With five scores of 50 or more in six international innings since returning for Windies, Gayle has shown his value.

    In six innings international returning to West Indies' limited-overs set-up, Chris Gayle has hammered runs and brought life back to the side. There is no way you can under-emphasize that.

    Here are the numbers (ODI and Twenty20) since Gayle returned to the West Indian set-up for his first international match in over 15 months: 381 runs at 95.25 and a strike-rate of 121. In six innings he has scored 53, 2, 85*, 53, 63* and 125. In six innings he has hit 25 fours and 28 sixes. That's one more six than the next best batsman, Lendl Simmons, hit batting in the top three for West Indies in the 21 limited-overs matches he played in Gayle's absence. In this same time, there were 10 half-centuries and no century by an opener in either format. Gayle has four fifties in five innings, to go with a century in his most recent innings.

    That was Gayle's 20th century in one-day cricket, and took him past Brian Lara's 19 as the most by a West Indian batsman. He could have reached there in his past two innings, if not for a dubious lbw decision at The Oval and the rain in Sabina Park during the first game against New Zealand.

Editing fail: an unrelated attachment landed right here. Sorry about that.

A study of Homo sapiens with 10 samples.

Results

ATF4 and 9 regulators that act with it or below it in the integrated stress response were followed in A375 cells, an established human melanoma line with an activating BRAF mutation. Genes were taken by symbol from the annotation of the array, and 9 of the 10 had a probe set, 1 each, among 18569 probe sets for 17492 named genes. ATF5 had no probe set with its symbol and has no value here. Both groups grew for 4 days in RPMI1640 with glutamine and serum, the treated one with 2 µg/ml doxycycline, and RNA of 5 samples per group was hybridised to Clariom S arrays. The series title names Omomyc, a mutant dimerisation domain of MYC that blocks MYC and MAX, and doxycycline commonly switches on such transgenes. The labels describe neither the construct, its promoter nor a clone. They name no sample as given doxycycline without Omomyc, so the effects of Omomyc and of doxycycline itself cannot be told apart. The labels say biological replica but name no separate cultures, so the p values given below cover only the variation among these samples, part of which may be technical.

Clearly, the form Gayle showed in Twenty20 cricket over the past two years has been channeled into his international outings. In the 2011 IPL he scored more IPL runs than any other batsman – 608 at an average of 67.55 and strike-rate of 183.13 – and in 2012 did better with 733 runs at a strike-rate of 160.74, scoring eight 50-plus scores, the most in IPL 5. After lighting up the past two IPL seasons with some tremendous hitting, and treating fans in Bangladesh, Australia and Zimbabwe to some audacious Twenty20 innings, Gayle has proved to West Indian fans that he can be as destructive in ODI cricket.

    In striking the ball with trademark flair in these six innings, Gayle has also put bums on seats. The turnout in the two Twenty20s against New Zealand in Florida was in stark contrast to the numbers that came to watch international cricket's American debut at the same venue in 2010. In two ODIs against the same opponents, played in Gayle's home of Jamaica, the crowds have been the largest they ever have been at Sabina Park for years. There is renewed interest in following West Indies, and Gayle has been the deciding factor.

    With the squad for the two Tests against New Zealand to be announced soon, Gayle's name must be one of the first penned when the selectors sit to make their call.